Steve Savage submitted this article to RVtravel.com when he was a Master Certified RV Technician with Mobility RV Service.
It seems there’s always some new danger lurking in the RV woods ready to trap the unwary, especially if they are new to RVing. In my opinion, the concept of half-ton pickups towing fifth wheel trailers is one of those traps. For the uninitiated, it will not take you long to discover many dealers are ballyhooing ultra-lite fifth wheels that weigh so little they can even be towed by half-ton pickup trucks.
How do they set the trap? Simple: Hang a sign on the pin of new fifth wheels (some even ship from the manufacturer with a sticker on the side) that gives the “unloaded weight.” What’s the matter with that? Nothing, as long as you understand that the unloaded weight is not the same thing as the “gross weight,” which is how much the fiver is going to weigh once it is fully loaded and hitched to your truck. How much difference can that make? In some cases as much as a ton or more.
What this means is, provided the manufacturer’s weight is accurate – which in some cases is dramatically low – the actual weight can be far more than that nifty sign hanging on the pin would suggest. This means potentially going well over the weight rating of axles and tires, and in some cases exceeding the gross weight rating of the truck.
Now, if that’s not enough to worry about, trucks that are loaded near their maximum, even if not overweight, tend to handle sluggishly and accelerate poorly, as well as shorten the life of drivetrain components. Put it all together and it’s hard to argue against the wisdom of choosing a three-quarter-ton pickup from the get-go, rather than “trading up” after the first “white-knuckle” experience on the Interstate.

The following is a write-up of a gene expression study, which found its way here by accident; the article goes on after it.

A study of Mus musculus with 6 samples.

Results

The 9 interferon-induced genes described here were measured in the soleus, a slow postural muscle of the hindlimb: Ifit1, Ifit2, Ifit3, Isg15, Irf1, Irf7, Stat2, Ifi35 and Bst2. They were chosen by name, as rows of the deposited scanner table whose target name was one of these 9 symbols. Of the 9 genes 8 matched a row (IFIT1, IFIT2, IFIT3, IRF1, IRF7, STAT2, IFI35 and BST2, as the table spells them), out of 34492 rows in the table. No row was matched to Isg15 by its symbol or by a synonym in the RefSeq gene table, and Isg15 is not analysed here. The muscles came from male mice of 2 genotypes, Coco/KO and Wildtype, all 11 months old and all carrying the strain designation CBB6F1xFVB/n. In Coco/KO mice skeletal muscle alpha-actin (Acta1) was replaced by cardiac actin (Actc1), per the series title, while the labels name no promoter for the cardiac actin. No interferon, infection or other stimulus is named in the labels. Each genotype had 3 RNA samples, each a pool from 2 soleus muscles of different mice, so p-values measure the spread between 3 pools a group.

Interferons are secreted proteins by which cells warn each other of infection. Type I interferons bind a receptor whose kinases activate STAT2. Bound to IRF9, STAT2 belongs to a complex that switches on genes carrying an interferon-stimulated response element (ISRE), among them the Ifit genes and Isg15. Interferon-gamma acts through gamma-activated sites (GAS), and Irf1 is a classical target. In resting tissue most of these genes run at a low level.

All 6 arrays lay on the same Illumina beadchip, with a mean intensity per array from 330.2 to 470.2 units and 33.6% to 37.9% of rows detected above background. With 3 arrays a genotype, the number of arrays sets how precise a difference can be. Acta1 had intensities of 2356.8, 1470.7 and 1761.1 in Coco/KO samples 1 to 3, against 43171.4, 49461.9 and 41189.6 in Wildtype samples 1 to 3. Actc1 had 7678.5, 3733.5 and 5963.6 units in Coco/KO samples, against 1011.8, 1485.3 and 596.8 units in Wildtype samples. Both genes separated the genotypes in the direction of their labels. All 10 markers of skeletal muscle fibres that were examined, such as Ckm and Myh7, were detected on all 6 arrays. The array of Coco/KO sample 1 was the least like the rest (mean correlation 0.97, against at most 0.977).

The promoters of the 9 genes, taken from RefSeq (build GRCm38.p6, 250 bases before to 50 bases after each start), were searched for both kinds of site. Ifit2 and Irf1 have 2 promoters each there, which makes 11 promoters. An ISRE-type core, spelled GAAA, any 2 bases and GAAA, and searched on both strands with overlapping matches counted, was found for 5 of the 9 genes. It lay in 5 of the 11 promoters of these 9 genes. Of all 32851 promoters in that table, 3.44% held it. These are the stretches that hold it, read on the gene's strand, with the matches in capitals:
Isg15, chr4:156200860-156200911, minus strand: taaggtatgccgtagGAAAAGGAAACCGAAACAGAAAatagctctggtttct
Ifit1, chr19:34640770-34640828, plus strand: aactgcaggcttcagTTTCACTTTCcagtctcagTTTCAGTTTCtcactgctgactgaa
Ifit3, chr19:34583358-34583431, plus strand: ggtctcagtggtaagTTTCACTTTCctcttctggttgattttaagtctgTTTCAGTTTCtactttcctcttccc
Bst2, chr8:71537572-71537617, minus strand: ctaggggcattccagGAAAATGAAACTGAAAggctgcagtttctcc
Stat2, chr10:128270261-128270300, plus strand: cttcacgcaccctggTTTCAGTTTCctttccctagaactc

Still have your heart set on towing a fifth wheel with a half-ton? Here’s what I think you need to do to stay safe: First, ignore the manufacturer’s weight stickers on the fiver of your dreams. Second, take it to a certified scale like those found at truck stops and weigh the truck and trailer, and then just the truck. This way you’ll know the combined weight, the weight of the trailer, and how much weight the trailer pin adds to the bed of the truck (the weight over the rear axle and tires). Third, add 1,000 pounds minimum to the weight of the trailer.
Now read the weight ratings for the truck and decrease those numbers by 10 percent. With all those weights, can the truck you want to use handle the weight of the fiver you want to haul? If the answer is “no,” buy a three-quarter-ton pickup. If the answer is “yes”, bear in mind a three-quarter-ton will still handle better than the half-ton, and possibly go up hills better, to boot. And remember, the half-ton pickup gives you virtually no room to grow when you buy your next “last” RV.